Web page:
18/67 Brumbys Rd, Carrum Downs - for herald sun real estate

18/67 Brumbys Rd, Carrum Downs, sold $45,000 above its asking price in five days.


A falling clearance rate means more homes are set to sell via private treaty, but a leading agent in the field has revealed it could deliver big results in a fraction of the time.

Realestate.com.au calculated a 76 per cent preliminary clearance rate from 534 results in Victoria, but had forecast up to 1319 auctions across the state.

The state’s average clearance across the first three months of the year was 83 per cent.


OBrien Carrum Downs’ Michelle Stevens has notched 270 sales worth more than $224m from 293 listings this financial year, “99 per cent of them” private sales.

One of her latest, at 18/67 Brumbys Rd, Carrum Downs, sold in just five days for $705,000 —$45,000 above its asking price.

18/67 Brumbys Rd, Carrum Downs - for herald sun real estate

18/67 Brumbys Rd, Carrum Downs, took just a few days to change hands earlier this month.


Days before that deal, she sold a house at 22 Stefans Court, Skye, for $1.178m after 21 offers were made for the home listed for $900,000-$990,000.

With a deflating clearance rate leading to more sales before and after auctions and rising interest rates likely to leave more buyers wanting to make offers subject to finance, Ms Stevens said private sales were positioned to keep “getting amazing money”.

The trick for vendors was to make sure their home stood out, even just by adding some fresh paint or new carpets.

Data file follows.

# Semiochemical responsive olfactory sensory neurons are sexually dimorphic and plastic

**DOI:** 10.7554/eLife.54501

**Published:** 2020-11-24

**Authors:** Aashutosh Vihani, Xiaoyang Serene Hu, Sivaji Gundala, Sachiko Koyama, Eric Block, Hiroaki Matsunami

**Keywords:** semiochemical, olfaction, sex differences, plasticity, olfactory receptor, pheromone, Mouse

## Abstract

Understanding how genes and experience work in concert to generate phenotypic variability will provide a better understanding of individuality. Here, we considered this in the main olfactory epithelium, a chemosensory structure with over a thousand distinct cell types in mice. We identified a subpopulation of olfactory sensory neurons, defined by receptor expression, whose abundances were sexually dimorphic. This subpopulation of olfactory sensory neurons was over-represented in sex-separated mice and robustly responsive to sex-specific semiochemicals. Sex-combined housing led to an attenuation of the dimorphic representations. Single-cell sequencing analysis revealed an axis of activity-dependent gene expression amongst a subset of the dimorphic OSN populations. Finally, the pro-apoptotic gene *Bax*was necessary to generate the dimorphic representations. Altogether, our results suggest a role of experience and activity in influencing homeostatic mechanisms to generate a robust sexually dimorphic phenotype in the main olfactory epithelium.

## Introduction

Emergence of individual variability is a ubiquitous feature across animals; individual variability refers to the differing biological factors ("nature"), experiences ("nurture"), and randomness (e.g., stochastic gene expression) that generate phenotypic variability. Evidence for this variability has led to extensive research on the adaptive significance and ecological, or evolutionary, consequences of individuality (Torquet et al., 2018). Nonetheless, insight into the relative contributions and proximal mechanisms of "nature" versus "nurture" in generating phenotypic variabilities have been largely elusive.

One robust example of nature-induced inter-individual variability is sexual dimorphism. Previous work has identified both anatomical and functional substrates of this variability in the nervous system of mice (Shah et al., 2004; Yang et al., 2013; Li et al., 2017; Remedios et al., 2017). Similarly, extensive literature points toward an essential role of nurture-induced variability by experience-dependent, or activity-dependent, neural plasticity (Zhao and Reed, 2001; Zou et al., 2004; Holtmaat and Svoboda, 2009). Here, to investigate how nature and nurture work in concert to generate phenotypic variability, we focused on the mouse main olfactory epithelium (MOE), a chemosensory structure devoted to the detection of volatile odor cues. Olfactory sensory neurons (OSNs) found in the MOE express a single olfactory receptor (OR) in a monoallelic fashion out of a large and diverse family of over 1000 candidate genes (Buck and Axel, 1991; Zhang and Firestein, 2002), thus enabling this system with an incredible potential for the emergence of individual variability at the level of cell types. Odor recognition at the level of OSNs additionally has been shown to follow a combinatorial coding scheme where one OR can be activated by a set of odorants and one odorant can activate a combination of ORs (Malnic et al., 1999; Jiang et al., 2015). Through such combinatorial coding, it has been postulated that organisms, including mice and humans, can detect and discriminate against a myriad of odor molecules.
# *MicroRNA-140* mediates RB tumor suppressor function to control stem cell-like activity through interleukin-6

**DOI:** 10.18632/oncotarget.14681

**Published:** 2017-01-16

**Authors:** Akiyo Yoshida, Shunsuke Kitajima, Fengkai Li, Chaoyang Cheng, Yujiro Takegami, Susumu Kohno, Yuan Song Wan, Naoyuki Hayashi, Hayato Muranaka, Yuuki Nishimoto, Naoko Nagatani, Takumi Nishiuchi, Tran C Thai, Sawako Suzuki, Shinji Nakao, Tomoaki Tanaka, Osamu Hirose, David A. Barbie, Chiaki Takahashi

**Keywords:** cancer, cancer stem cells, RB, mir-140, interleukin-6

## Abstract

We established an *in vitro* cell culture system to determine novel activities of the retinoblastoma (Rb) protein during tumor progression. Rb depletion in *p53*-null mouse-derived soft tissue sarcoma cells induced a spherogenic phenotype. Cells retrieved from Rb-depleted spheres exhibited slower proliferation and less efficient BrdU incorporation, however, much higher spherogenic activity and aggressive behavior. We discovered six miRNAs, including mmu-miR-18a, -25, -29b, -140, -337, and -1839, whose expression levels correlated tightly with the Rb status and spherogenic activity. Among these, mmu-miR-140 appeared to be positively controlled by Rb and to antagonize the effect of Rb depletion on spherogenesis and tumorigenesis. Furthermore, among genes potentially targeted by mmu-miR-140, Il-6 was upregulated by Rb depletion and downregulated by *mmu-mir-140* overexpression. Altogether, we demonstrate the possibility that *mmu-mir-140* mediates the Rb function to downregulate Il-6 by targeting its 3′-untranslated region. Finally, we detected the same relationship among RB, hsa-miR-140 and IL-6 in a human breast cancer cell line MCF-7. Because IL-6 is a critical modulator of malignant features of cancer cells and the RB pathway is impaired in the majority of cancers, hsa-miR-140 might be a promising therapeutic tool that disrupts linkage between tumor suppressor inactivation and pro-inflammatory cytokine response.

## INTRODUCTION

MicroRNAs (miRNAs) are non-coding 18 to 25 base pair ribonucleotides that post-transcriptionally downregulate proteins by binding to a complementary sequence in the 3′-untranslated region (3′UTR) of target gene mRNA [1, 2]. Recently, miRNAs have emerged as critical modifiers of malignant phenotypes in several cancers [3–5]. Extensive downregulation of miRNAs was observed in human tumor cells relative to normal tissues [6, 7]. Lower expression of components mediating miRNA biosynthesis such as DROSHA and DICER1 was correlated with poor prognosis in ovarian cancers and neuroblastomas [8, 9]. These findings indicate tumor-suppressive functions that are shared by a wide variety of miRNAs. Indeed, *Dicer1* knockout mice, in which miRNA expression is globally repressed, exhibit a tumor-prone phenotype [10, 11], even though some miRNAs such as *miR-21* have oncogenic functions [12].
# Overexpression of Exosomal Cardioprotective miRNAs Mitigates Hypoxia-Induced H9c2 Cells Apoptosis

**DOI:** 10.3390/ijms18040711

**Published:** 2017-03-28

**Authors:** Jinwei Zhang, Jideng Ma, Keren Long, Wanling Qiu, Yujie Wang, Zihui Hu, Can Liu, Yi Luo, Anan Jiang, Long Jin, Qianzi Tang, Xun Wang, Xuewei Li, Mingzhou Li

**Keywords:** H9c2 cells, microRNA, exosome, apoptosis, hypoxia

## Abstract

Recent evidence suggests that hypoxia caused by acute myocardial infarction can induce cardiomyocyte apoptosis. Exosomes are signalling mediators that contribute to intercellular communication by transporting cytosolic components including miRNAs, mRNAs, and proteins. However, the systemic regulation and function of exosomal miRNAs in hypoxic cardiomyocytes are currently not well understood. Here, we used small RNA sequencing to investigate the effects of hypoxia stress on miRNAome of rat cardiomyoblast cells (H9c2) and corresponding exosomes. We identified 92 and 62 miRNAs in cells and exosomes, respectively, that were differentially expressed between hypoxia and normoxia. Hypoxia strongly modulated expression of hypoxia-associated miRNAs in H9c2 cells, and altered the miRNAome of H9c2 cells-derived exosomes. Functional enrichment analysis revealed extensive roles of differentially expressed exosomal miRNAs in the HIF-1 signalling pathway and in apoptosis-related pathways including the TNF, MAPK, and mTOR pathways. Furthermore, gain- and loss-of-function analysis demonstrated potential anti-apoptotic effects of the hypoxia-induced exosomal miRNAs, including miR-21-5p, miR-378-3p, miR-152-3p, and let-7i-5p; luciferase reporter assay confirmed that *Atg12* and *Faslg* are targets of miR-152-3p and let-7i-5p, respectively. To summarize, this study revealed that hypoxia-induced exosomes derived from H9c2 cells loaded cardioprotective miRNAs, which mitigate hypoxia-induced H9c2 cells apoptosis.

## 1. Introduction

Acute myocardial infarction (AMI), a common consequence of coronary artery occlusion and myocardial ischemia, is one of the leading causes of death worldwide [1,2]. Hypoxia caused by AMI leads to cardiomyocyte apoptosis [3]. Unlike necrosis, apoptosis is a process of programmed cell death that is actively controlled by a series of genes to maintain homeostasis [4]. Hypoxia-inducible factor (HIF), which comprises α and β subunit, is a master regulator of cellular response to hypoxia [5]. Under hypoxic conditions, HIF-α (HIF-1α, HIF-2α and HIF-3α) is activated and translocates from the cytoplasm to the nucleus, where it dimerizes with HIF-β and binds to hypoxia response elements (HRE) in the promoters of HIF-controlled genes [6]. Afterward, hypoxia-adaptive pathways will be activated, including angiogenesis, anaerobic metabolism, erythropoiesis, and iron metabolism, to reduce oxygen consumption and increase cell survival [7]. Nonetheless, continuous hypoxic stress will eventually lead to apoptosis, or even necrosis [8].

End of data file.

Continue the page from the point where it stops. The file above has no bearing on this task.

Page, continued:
“Private sales can take months or days, and most of that is presentation — spend a bit of money to make sure you get the best price,” Ms Stevens advised.

22 Stefans Court, Skye - for herald sun real estate

22 Stefans Court, Skye, sold more than $200,000 above its range without an auction.


Looking back to when she started in the industry 12 years ago, just ahead of the last time interest rates rose, the she added the next best way to give yourself an edge was to ask your agent how they would qualify a buyer and get them to your home quickly.

Refreshed carpets and paint also paid dividends at a Bundoora auction last weekend, with the 25 Silky Oak Drive home selling $101,000 above its reserve.

Barry Plant North Eastern Group auctioneer Michael Egan said bidding started at $900,000, but with five groups in the race it quickly topped the $1.1m reserve before rising to $1.201m.

Mr Egan said he hadn’t had a sale soar six-figures past it reserve since March and that “it was nice to have one of those again”. 

“But if you look across Bundoora, there’s been nothing like this quality for sale for a couple of months,” he said.

25 Silky Oak Drive, Bundoora - for herald sun real estate

25 Silky Oak Drive, Bundoora, sold for $1.201m in a busy Saturday auction.


Vendor Mark Fitzpatrick said the sale was a relief after watching the market for the past few weeks.

“We’re just glad we could get what we got to be honest,” Mr Fitzpatrick said.

For those looking to sell, he advised making sure you trusted and were comfortable with your agent as the market changed.

Closer to town a three-bedroom apartment in the historic former Foy & Gibson warehouse soared $500,000 past its reserve.

Jellis Craig partner Simon Shrimpton said the result for 17/79 Oxford St, Collingwood, had reflected its “X-factor”.

“It was a very unique property, one of the most bespoke warehouses I have had the pleasure of handling in more than 20 years,” Mr Shrimpton said.

A bespoke fitout helped 17/79 Oxford Street, Collingwood, to a surprise result.


“There was a $2.3m reserve based on a pre-auction offer from one buyer, but the opening bid was $2.4m and it was straight on the market. Then we ended up knocking it down for $2.8m. That’s the highest price paid for a warehouse apartment in the Oxford St precinct.”

Interest came from as far as Sydney and Perth, but the keys went to a Melbourne man.

“It was interesting to see that in a market that is layered with a lot of negativity at the moment,” Mr Shrimpton said.

“But it shows five-star, bespoke properties can still buck the trend.”